The foundation of Capitalism and Eastern Philosophies can be met

March 19, 2017

 

I guess you might have the same impression as mine as follows:

 

When you read the paragraph in below from Adam Smith, you might not believe it is from the founding father of the Capitalism , the foundation of Economics and country governance--- Adam Smith. The quotes are from one of his earlier works in 1759 but also the most important one, The Theory of the Sentiment. 

 

The interesting thing is in the lines of what he elaborated about the foundation and the contradiction of human beings, you can also sense the similarity of it with that in all eastern philosophical works and yoga sutras, such as Laozi

 

(the Taoist guru back to more than 2000 years ago). It shows that what we are seeking for, as human being in this universe, is always simultaneously an adjusting behavioral series between self-regarding and other-regarding, no matter what, when, and with whom. How to make ourselves truly happy, and how to find our position and status in between self and others, how to balance our morality to others while being of prosperous for self? you might get some insights and more thoughts from what Smith stated in below.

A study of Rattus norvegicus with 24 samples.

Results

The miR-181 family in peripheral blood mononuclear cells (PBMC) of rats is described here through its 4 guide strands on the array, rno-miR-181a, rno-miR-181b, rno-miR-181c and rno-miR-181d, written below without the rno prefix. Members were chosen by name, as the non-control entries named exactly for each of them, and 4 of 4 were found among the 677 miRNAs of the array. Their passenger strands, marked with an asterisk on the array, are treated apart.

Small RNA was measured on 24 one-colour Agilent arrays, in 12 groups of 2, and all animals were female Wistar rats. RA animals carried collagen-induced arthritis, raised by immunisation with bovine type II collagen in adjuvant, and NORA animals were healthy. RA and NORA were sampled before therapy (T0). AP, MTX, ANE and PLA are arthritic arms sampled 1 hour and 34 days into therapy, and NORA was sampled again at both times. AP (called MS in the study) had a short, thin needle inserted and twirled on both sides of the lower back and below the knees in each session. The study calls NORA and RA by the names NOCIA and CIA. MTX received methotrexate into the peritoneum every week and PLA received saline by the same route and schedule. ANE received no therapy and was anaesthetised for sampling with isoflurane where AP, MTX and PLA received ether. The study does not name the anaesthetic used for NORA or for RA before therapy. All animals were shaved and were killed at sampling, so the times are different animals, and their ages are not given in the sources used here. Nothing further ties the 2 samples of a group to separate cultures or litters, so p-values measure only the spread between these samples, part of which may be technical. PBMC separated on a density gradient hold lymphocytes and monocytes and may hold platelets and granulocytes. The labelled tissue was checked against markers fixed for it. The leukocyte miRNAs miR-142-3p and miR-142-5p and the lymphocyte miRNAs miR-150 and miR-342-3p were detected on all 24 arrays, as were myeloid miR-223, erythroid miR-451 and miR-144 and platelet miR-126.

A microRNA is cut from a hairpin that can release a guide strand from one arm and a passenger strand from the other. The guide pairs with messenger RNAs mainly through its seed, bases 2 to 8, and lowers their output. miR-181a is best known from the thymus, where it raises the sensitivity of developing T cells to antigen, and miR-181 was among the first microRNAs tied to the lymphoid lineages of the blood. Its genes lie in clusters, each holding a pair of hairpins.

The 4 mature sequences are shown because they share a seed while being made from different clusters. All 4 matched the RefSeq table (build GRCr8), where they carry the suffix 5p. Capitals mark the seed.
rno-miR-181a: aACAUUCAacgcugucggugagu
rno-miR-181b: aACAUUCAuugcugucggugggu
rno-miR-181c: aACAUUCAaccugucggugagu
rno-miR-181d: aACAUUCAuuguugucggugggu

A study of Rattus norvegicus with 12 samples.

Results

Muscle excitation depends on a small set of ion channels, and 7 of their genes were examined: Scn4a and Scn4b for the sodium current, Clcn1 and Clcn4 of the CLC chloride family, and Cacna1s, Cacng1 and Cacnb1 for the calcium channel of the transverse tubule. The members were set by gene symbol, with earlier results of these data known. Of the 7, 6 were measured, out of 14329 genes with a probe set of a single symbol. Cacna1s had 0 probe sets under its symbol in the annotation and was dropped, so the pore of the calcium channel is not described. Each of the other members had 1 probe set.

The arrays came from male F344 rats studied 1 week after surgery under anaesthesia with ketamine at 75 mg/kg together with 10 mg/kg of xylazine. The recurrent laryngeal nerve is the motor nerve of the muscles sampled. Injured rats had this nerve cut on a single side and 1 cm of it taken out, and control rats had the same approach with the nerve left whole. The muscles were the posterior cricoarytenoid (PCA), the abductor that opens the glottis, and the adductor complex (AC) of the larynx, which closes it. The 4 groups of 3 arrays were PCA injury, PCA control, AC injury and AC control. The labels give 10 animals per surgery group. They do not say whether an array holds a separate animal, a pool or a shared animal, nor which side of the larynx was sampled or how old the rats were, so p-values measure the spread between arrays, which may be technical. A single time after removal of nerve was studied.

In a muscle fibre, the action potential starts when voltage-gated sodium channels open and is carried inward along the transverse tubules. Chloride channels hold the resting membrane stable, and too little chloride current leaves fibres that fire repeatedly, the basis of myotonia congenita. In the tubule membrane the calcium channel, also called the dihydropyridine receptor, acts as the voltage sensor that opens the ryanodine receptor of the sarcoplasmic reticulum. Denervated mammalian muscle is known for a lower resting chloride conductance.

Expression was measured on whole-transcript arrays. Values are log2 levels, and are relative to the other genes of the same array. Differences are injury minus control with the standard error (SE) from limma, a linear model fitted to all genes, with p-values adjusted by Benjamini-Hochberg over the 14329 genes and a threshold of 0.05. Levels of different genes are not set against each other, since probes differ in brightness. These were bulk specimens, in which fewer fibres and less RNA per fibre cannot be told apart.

"The administration of the great system of the universe ... the care of the universal happiness of all rational and sensible beings, is the business of God and not of man. To man is allotted a much humbler department, but one much more suitable to the weakness of his powers, and to the narrowness of his comprehension: the care of his own happiness, of that of his family, his friends, his country.... But though we are ... endowed with a very strong desire of those ends, it has been entrusted to the slow and uncertain determinations of our reason to find out the proper means of bringing them about. Nature has directed us to the greater part of these by original and immediate instincts. Hunger, thirst, the passion which unites the two sexes, and the dread of pain, prompt us to apply those means for their own sakes, and without any consideration of their tendency to those beneficent ends which the great Director of nature intended to produce by them."